Selling more beer is not as relevant to the financial health of Enterprise Inns as paying off its debt, the pub group’s chief executive suggested after posting a fall in pre-tax profit for 2012.
Enterprise Inns faced a period of “flat calm” during which the focus of the
tenanted pub group had to continue to be on its long-term financing structure, Ted Tuppen said.
Net debt continues to be the biggest challenge for the group, which has 5,900 pubs on its estate. But its cash generation helped to reduce net debt by £266m to £2.7bn, and Mr Tuppen pointed at a 21 per cent rise in the average price of its bonds in the 12 months to September as evidence of the group’s relative stability.
Mr Tuppen said there was “a sentimental importance” attached to like-for-like sales, but added that they were relatively immaterial. “Compared to the impact of paying off debt, “being 1 per cent up or down is a bit at the margins”, he said.
“Realistically, the most important thing to create value for shareholders is to simply pay down our debt.”
In terms of next year, Mr Tuppen said: “There is nothing in the economy that is going to set trading alight. It will be a period of flat calm.”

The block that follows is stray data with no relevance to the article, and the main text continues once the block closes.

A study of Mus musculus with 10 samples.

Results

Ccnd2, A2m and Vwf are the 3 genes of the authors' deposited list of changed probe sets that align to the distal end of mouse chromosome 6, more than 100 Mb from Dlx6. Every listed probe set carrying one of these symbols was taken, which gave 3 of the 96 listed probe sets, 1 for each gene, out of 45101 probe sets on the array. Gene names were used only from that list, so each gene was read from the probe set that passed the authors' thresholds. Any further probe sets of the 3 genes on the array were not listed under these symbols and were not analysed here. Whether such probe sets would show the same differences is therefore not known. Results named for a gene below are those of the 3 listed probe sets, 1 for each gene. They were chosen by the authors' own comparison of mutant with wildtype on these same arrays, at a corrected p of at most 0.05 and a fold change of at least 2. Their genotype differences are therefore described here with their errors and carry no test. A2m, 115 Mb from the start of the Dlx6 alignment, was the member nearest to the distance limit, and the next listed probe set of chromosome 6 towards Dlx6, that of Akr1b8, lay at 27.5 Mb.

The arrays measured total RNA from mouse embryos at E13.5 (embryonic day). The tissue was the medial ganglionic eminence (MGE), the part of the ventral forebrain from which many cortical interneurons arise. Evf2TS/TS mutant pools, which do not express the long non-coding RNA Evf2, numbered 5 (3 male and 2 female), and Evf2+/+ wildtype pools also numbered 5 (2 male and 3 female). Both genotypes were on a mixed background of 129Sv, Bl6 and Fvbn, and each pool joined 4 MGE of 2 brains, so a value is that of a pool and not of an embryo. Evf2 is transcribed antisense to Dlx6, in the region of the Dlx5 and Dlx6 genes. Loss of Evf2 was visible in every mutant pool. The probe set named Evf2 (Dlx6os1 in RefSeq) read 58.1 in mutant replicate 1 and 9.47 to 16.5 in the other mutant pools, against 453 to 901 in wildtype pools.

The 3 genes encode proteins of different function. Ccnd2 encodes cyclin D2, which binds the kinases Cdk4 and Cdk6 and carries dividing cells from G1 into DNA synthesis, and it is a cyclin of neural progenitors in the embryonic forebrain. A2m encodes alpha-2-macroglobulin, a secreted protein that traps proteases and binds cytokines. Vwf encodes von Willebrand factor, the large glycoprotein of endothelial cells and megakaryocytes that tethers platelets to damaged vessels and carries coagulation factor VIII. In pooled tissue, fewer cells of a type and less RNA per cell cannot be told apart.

Pre-tax profit fell from £157m last year to £137m, and like-for-like net income was down 1.1 per cent, compared to a fall of 4.3 per cent in 2011. However, in the 81 per cent of its pubs where publicans had been in occupation for at least a year, net income growth was up 2.2 per cent.
Of the three big events of the year, the weather damped hopes of strong trading from the diamond jubilee while Euro 2012 trading was largely flat. As for the Olympics, the stay-at-home factor dragged beer volume sales down by 8 per cent on a like-for-like basis.
Revenues were £692m compared to £711m the previous year. Pre-exceptional earnings before interest, tax, depreciation and amortisation were down more than 7 per cent to £340m. No dividend was paid.
Enterprise disposed of 301 pubs, raising £208m, in the period. It said 199 of these pubs were unsustainable. It said it would pare down the size of its estate to 5,200 over the next three years and spend £180m on improving the estate’s quality. Its shares closed up 0.75 per cent at 67.25p.